Kim Thayil on Soundgarden’s commercial success: “We did end up being radio-friendly, even with our weird tunings”

“Well, we brought the music that was no fun at parties to your party!”

Soundgarden’s Kim Thayil has spoken about Soundgarden’s achievement of mainstream success despite the band’s tendency to write and play in “weird tunings”.

The guitarist was speaking to Guitar World in a new interview where he discussed the band’s unexpected rise to fame, saying “When it comes to Soundgarden, we didn’t bend too far towards radio-friendly. [Though] we did end up being radio-friendly, even with our weird tunings.”

Explaining that it wasn’t just the drop D his band relied on, Thayil said: “I think it’s well-established how Soundgarden used alternate guitar tunings. But primarily, when people write about our alternate guitar tunings, they focus on the drop D, because the drop D thing that we started doing spread to Nirvana and Alice in Chains and Skin Yard and other bands. But we used a lot of tunings other than drop D.”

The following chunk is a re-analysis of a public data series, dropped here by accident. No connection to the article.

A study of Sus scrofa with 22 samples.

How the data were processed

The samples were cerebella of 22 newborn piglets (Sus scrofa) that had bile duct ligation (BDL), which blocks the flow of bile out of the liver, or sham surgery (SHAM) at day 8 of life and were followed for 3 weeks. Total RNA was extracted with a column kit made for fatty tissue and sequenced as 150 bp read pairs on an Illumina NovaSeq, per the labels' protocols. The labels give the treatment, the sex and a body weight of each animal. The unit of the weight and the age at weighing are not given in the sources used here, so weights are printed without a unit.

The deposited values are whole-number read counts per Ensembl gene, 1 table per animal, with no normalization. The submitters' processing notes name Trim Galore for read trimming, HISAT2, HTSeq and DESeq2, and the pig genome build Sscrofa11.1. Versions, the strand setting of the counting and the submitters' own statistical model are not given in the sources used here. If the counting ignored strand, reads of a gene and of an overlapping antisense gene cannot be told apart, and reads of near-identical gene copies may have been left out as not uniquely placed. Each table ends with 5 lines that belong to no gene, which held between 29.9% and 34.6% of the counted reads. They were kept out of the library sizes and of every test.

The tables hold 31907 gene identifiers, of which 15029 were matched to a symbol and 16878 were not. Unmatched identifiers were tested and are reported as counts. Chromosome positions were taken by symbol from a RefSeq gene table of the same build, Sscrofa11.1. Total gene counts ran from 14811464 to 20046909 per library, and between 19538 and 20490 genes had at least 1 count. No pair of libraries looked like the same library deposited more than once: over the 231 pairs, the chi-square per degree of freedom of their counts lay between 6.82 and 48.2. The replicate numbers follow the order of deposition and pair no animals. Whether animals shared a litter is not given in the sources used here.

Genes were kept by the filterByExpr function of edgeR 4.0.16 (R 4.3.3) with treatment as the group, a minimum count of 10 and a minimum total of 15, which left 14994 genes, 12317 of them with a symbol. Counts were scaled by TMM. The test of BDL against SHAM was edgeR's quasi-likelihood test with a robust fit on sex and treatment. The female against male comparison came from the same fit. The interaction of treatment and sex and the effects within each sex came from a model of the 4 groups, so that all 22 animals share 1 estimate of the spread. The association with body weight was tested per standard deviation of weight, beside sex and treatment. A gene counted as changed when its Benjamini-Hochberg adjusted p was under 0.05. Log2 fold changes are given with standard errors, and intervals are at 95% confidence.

“One thing I think is super-interesting is the tuning Chris used for My Wave which I think is EEBBBE, and which is also used on The Day I Tried to Live. I used that tuning to write all of my color parts on those songs as well. And both of those songs were singles and videos from Superunknown.”

He added that the success of The Day I Tried to Live and My Wave pretty much sums up Soundgarden’s musical journey, saying “To me, I think that establishing radio hits and MTV videos with two songs, presumably pop songs, one in 7/4 timing that I think maybe even goes to another non-danceable time signature, I think that is paradigmatic of what Soundgarden was about, and a little bit iconic of how we would precede and ultimately incorporate ourselves into the marketplace.”

“I mean, what right does something like The Day I Tried to Live have to be on anyone’s radio playlist? You can’t dance to it. It’s no fun at parties. [laughs] Well, we brought the music that was no fun at parties to your party!”